Document Type : Primary Research paper
Assistant Professor, PG & Research Dept. of Commerce,The Quaide Milleth College for Men, Chennai
Research Scholar, University of Madras, Chennai
Assistant Professor, PG & Research Dept. of Commerce, The Quaide Milleth College for Men, Chennai
1950’s and 1960’s saw Indian Banking dominated by Private Sector Banks. This did not fulfill the requirements of the people of India in any big manner as credit facilities were denied to the needy sections of the population. The negative fallout of the Indian Banking sector, dominated by Private Banks was felt during this period. A solution came in the form of 20 banks nationalization in 1969 and 1980. Branches were opened across the country in deep areas to serve the banking requirements of the people. The purpose was well served by the 20 banks (subsequently reduced to 19) during the last four decades. But Public sector domination of banks also carried with them, their own limitations. The solution came in 1991 and afterwards, in the form of re-entry of Private Banks in the banking sector.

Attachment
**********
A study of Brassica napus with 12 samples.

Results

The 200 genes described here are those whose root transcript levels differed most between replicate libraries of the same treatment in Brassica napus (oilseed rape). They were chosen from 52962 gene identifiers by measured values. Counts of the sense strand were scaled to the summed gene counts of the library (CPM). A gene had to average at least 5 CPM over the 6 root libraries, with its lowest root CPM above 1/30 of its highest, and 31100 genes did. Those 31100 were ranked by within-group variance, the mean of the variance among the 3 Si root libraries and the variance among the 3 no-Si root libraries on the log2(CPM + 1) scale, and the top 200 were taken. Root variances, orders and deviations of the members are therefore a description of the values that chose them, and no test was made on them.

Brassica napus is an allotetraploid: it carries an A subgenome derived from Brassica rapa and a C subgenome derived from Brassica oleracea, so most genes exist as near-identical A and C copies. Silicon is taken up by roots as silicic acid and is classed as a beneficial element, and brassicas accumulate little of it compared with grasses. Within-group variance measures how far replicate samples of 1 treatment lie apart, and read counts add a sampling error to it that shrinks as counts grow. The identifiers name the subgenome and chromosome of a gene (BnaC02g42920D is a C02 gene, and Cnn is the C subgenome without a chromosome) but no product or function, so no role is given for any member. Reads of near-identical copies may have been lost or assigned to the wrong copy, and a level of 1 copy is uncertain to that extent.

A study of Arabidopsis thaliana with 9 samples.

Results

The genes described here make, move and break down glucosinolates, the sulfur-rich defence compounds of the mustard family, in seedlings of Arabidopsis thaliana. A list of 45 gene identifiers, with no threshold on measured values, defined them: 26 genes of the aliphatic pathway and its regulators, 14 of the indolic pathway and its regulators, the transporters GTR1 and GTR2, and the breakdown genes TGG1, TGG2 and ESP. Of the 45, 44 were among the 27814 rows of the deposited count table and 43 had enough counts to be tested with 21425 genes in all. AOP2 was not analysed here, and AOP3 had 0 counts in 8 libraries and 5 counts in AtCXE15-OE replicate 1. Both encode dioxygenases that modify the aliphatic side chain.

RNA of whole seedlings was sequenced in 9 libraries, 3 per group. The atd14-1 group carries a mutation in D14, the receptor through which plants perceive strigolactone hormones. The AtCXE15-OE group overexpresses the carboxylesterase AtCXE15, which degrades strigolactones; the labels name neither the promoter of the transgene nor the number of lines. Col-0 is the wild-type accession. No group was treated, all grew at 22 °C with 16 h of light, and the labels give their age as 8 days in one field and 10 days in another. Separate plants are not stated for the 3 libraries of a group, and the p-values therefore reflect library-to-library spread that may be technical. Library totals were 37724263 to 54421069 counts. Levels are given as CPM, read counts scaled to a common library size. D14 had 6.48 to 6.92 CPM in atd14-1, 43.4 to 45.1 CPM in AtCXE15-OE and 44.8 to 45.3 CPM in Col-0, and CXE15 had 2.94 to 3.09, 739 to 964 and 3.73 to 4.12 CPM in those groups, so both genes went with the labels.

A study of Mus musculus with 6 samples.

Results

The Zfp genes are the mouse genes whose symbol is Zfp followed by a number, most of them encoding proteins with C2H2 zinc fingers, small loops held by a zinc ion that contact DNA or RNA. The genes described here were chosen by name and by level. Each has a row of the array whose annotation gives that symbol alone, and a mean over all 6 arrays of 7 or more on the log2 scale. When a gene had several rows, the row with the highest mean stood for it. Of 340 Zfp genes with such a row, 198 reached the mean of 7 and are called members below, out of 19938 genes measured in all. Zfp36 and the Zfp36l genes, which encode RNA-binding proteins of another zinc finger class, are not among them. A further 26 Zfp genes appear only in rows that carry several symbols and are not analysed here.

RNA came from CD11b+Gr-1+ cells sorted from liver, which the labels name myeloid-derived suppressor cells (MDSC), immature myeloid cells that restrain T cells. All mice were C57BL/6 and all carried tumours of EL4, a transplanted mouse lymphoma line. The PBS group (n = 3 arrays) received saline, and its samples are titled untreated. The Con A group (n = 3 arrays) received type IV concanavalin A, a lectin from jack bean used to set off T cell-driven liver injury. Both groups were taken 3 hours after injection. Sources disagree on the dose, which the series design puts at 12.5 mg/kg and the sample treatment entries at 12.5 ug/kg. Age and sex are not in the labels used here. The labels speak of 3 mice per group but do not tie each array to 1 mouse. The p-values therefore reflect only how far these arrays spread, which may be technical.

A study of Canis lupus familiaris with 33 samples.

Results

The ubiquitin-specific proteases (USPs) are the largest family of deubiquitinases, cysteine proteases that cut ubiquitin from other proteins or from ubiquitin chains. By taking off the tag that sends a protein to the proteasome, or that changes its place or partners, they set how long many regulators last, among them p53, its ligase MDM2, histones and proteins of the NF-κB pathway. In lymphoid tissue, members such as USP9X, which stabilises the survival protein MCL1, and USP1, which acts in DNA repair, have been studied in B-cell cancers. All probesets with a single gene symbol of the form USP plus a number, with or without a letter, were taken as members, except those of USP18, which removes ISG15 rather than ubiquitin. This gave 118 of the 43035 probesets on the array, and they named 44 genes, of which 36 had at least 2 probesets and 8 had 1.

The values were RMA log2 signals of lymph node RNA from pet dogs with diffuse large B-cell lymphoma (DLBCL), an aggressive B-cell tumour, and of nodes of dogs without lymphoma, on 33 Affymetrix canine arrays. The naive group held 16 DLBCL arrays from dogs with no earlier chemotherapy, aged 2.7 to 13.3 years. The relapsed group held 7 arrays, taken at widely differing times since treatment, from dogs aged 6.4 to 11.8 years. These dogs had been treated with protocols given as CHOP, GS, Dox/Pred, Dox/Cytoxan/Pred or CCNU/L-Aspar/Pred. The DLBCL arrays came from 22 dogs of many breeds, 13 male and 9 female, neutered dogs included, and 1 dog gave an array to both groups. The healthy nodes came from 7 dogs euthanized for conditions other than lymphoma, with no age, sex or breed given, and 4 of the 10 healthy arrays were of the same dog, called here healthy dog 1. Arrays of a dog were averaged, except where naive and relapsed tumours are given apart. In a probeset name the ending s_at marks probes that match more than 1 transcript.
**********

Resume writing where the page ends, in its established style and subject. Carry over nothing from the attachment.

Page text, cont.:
Domination of new generation Private Banks, varieties of products and services, making available Alternative Delivery Channels, concerted marketing in banks, extensive and indiscriminate use of sophisticated technology, etc., all were seen during 1990’s to 2020. Mounting NPA’s (Non-Performing Assets), frequent re-capitalization in Public Sector Banks, low profits, absence of competition in the global banking scenario, not-so-good customer service in Public banks all led to a serious thinking in the minds of the Central Government. The solution was merger of Public Sector Banks in the financial sector of the country reducing the total number of banks to the minimum.